Spring has sprung!
It’s time for all the gardeners, who have been anxiously waiting to get outside, to get their hands in the dirt and do their thing! This may include pulling weeds, planting, pruning, and watering. Ah, it’s such a rejuvenating feeling to transform the winter landscape to one bursting with color, bees and butterflies! However, that pride can come with a price – a sore back!
Tending a garden requires stooping, squatting, kneeling and hunching that put our spines in vulnerable positions and can result in strain on the muscles, ligaments and joints. While the meditative quality of gardening can be relaxing, it also distracts our attention from our body position. It’s amazing how much time can pass as we toil in the dirt, stooped and hunched, nurturing our vegetable garden or flowerbed. It is usually when we stand up and step back to admire our creation that we begin to notice that our back is sore.
We have long winters here in Vermont and when the snow finally melts and the trees turn green, we tend to become “weekend-warrior” gardeners. After spending the cold months skiing, snowshoeing, or in front of the fireplace reading, our spines aren’t prepared for the sudden demands of finishing five days worth of gardening tasks in just two. This is much like an athlete who trains too much, too soon while gardeners can “tend” too much and too soon.
Here are a few tips to help nurture your spine as you nurture your garden:
1. Balance your posture. Take frequent breaks to reverse your posture. It is impossible to avoid bending forward while gardening but just be sure to “reverse” that position and stretch your spine backwards, too. If you are squatting or hunched, stand up, place your hands on your hips and extend your spine backwards as your hips move forward. Also, interlace your fingers behind your back, slide your shoulder blades together, and if possible, lift your hands off your back to open your chest. Whatever position you are in, stretch frequently in the opposite direction.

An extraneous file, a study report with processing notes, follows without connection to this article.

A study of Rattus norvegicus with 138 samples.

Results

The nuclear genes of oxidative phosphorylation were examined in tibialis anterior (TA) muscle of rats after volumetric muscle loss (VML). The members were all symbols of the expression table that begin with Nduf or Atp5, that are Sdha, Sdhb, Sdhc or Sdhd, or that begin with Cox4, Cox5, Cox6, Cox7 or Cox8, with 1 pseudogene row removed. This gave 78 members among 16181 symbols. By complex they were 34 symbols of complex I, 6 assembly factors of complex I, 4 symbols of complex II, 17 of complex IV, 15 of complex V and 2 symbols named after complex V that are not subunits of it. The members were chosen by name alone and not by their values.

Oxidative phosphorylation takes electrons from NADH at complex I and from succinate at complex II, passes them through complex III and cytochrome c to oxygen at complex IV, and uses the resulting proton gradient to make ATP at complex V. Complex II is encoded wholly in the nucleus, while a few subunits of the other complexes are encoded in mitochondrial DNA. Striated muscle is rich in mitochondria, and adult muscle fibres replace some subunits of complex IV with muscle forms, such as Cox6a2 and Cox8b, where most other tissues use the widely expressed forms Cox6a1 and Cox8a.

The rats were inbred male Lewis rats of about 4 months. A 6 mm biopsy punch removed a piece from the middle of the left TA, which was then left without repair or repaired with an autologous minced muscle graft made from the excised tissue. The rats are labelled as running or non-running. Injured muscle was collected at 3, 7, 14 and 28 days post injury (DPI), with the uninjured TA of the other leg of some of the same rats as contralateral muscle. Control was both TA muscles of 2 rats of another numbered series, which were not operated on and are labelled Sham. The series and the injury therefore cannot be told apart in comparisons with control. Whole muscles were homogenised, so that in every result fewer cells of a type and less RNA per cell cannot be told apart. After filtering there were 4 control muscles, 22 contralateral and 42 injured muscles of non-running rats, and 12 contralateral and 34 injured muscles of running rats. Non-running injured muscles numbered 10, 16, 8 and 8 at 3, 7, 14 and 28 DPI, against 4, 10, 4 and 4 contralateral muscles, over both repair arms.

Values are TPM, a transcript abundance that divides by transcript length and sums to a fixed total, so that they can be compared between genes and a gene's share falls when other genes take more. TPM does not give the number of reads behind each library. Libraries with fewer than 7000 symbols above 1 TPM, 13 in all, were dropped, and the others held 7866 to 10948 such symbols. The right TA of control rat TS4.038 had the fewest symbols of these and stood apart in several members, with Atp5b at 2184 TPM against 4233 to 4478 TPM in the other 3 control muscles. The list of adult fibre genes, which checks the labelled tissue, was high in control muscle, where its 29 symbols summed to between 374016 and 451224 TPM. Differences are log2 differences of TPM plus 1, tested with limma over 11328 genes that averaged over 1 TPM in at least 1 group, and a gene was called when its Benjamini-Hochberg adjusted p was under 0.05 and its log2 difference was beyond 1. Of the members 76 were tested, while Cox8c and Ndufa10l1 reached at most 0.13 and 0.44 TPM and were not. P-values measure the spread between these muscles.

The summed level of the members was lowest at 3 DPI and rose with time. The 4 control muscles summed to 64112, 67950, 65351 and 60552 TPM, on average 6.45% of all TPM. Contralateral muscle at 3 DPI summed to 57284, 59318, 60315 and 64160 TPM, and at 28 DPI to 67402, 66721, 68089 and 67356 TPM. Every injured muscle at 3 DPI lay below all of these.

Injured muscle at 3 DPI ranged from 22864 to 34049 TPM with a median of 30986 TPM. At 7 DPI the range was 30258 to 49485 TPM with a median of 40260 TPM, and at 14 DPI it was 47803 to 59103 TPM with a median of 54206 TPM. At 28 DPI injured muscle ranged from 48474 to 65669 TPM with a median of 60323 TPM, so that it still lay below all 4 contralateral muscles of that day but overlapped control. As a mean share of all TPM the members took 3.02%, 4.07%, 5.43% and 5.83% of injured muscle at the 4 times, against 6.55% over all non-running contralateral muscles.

Change positions frequently. Much like you need to practice “reverse posturing”, changing positions frequently can take the strain off your muscles and joints that accumulates from supporting the same position for a long period of time. If you are kneeling, frequently switch to half kneeling and alternate which knee is down. If you are squatting, switch to kneeling. For those that tend to get lost in the meditative aspects of their gardening, I recommend setting at timer as a reminder to switch positions every 15 minutes.
Use your props. A kneeler, a stand, or even an upside down flowerpot can provide alternate positions that keep your knees happy and your spine healthy.
Keep your work close. Be sure to position yourself in such a way that your garden tending is within an easy reach. This will help keep you from relying on your spine to bend forward as you attempt to work beyond an arm’s reach. In order to do so, you will frequently have to get up and re-position yourself to your new workspace.
Lift with your legs. Whether you are lifting the wheelbarrow, a bag of mulch, or a tray of flowers, proper lifting mechanics are still important to protect your spine. Even if the loads are not heavy, repetitively lifting a small load with a bent spine and straight legs makes your spine just as vulnerable to injury.
Realistic expectations. Be honest with yourself and listen to your body when deciding how many gardening tasks you plan to complete in one day. This is especially important if you already have a chronic spine condition.
Prepare your body. Below is a short yoga sequence that you can use to help your body prepare for or recover from a day in the garden.
Concentration, discipline, and patience are essential to cultivating a flourishing and thriving garden. Cultivating a healthy spine at the same time involves those very same qualities. It is crucial to pay attention to your body position, resolve to interrupt unhealthy movement patterns, and respect your body’s limitations. Nurture your spine as you nurture your garden.